TUCSON, Ariz. (KGUN) — The state has rejected FEMA’s offer to bring at least 240,000 vaccine doses to Pima County.
“We’re a little lost at trying to understand what’s going on,” said Pima County Administrator Chuck Huckelberry.
Huckelberry said the state facilitated a meeting between FEMA and Pima County.
The feds worked with health leaders pinpointing two permanent federal run sites in high-risk minority areas.
But Huckelberry told KGUN9 Friday afternoon he had been hearing the state may pass on FEMA's offer.
An hour later, KGUN9 got an answer from Health Director Dr. Cara Christ.
“At this time the state has declined getting a FEMA federal operated site in the state,” she said.
That final decision stunned Huckelberry and Board Supervisor Dr. Matt Heinz.
“If it's extra vaccines, we need to do whatever we can to get them here and to do anything other than that, that's the state not acting in good faith here and I don't know why,” said Dr. Heinz.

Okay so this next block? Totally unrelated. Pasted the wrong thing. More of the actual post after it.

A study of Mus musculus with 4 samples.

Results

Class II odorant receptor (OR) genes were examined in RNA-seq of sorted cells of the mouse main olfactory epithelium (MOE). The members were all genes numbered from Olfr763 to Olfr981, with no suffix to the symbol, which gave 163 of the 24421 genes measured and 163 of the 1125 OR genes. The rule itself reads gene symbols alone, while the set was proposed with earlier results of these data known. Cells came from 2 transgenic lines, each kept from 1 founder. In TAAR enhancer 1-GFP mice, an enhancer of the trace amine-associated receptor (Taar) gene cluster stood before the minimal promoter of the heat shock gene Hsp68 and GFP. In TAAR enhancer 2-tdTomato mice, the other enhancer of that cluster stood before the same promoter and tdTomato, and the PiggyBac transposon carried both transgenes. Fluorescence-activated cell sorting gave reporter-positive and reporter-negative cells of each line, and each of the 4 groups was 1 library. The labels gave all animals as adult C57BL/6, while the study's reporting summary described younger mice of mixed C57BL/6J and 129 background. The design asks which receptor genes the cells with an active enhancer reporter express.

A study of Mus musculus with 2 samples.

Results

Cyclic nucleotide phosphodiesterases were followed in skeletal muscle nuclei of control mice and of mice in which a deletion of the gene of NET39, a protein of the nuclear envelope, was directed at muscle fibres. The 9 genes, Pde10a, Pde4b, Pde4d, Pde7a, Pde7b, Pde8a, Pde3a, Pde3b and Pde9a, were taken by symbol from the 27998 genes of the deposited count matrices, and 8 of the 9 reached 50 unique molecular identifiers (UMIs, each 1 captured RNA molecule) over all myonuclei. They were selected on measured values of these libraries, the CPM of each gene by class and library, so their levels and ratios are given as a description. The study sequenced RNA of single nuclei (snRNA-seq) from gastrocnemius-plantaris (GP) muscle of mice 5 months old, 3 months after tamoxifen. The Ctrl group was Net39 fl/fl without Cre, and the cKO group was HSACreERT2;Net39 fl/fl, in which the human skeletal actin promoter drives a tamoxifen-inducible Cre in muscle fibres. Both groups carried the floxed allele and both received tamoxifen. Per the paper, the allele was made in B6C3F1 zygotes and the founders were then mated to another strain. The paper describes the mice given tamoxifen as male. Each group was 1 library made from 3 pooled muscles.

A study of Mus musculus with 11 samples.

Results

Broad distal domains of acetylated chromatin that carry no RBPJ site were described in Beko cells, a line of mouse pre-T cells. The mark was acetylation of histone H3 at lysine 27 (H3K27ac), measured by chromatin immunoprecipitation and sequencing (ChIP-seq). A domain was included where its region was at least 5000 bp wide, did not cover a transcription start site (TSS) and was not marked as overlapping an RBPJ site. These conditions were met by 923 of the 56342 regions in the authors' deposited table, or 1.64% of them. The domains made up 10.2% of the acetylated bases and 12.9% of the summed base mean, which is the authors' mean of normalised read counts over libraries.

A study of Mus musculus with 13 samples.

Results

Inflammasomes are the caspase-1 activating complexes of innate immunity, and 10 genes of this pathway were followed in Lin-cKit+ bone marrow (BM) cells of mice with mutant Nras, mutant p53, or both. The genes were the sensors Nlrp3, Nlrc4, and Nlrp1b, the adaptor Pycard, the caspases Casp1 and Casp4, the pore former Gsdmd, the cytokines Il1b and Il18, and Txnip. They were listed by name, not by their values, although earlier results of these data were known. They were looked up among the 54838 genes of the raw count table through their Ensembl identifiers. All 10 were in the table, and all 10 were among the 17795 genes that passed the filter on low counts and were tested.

Dr. Christ explained why the state declined FEMA'S offer: “They still needed us to be able to staff it to provide the resources for it only we did not have the medical oversight or the managerial oversight of these sites,” she said.
“We don't really need their resources,” Huckelberry said, “We have all the resources available here. We set up our own pods and our own vaccination centers so we're perfectly willing to take that entire burden on ourselves.”
Heinz has reached out to the Office of the White House asking if the county can make a direct request to FEMA without involving the state.